Dr. Boyce says the results confirm what he has experienced clinically; specifically, an increasing number of cases occurring in the western part of the state. Because of that, he urges medical providers to be aware of common symptoms so  that patients receive early treatment.

“Our analysis shows a substantial spread of Lyme Disease along the Blue Ridge Mountains and into northwestern North Carolina over the past decade. Greater awareness is needed among healthcare providers – many of whom trained at a time when Lyme was relatively uncommon in the state – so that patients who present with the symptoms common to the illness can be tested and treated in a timely manner.”

Lyme disease is the most common vector-borne disease in the U.S. with the majority of cases occurring in the Northeast, upper Midwest, and mid-Atlantic regions. While historically considered a low incidence state, North Carolina has reported an increasing number of cases over the past decade.

Lyme Disease can cause flu-like symptoms with aches and pains in muscles and joints, low-grade fever and chills, fatigue, poor appetite and swollen glands. The associated “bullseye” rash, known as erythema migrans, is a hallmark of the disease, but is not always present or noticed by the patient. If untreated, symptoms can progress to involve the joints, heart, and nervous system.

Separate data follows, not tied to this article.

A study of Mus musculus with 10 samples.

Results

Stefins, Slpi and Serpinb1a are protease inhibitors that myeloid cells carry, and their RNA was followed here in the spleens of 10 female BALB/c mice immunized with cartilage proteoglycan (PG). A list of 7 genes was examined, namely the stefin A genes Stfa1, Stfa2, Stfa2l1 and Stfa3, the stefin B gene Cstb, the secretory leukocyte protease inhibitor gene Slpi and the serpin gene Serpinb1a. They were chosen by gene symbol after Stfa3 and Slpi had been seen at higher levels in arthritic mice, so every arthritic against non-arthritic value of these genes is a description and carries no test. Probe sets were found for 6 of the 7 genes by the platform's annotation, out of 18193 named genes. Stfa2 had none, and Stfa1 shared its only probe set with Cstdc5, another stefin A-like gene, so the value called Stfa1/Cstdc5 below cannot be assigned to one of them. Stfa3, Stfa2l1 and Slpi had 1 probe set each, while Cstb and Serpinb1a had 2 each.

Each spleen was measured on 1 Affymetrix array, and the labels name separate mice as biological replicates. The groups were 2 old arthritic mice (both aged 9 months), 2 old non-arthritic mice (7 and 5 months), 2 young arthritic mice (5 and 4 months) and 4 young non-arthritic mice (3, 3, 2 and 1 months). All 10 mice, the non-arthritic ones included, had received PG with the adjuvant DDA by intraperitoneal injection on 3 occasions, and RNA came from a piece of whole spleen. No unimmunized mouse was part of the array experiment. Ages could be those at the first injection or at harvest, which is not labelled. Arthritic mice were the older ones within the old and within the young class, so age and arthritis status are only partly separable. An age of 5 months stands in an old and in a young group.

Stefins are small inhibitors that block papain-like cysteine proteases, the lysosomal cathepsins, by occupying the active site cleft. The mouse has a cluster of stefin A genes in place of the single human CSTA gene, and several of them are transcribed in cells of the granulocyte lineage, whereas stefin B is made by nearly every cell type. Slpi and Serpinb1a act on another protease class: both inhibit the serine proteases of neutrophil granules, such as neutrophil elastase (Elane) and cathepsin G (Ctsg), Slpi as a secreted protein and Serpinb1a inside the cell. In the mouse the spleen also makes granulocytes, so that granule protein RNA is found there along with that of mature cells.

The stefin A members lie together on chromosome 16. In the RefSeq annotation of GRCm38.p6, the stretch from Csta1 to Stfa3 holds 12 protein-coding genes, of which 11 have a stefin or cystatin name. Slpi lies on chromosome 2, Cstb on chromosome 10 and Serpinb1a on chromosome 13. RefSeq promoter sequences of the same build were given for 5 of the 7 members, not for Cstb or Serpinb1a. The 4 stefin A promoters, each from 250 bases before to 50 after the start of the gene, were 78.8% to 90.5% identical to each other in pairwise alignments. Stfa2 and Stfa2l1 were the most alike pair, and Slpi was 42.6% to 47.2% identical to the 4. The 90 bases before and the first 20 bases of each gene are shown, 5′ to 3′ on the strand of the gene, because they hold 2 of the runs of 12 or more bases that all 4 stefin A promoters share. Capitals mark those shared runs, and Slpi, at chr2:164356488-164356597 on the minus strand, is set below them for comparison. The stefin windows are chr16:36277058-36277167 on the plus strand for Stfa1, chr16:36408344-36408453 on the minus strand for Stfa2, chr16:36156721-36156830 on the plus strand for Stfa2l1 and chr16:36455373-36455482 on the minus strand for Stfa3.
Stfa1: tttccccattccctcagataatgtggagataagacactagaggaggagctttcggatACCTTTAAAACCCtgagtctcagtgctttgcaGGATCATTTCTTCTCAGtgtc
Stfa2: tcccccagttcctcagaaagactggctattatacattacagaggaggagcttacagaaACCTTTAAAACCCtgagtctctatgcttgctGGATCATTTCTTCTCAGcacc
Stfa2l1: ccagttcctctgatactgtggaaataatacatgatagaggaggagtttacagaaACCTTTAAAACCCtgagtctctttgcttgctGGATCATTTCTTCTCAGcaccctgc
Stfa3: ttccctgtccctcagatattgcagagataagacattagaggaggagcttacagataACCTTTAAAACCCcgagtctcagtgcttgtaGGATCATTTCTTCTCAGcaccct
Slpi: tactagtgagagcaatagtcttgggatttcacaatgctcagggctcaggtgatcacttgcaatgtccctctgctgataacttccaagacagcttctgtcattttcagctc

The study conducted with the UNC Gillings School of Global Public Health, the Carolina Population Center, the Division of Public Health, N.C. Department of Human Health and Services and Appalachian State University, found that Lyme disease has rapidly emerged in northwestern NC with some zip codes reporting incidence rates similar to historically high-incidence regions across the U.S. Northeast.

The analysis showed the greatest absolute change occurred in zip codes located in northwestern NC including Ashe, Alleghany, Buncombe, Mitchell, Watauga and Yancey counties. These findings are consistent with entomological studies showing an increase in the tick vector, the Deer or Black-Legged tick, moving down the southern Appalachian Mountains.

Boyce says that he anticipates continued spread of Lyme along the Blue Ridge Mountains, but he would also not be surprised by expansion into the Northern Piedmont region as well.

“I want to be careful with my language, but I don’t think it would be an exaggeration to call this an epidemic,” Boyce says, noting both the large number of cases and rapid pace of the changes. “Lyme is here and it’s not going to go away. We have a lot of work to do to educate and prepare providers, while also doing much more to raise awareness among the public.”

Funding was provided by a “Creativity Hub” award from the UNC Office of the Vice Chancellor for Research and the Southeastern Center of Excellence in Vector Borne Diseases.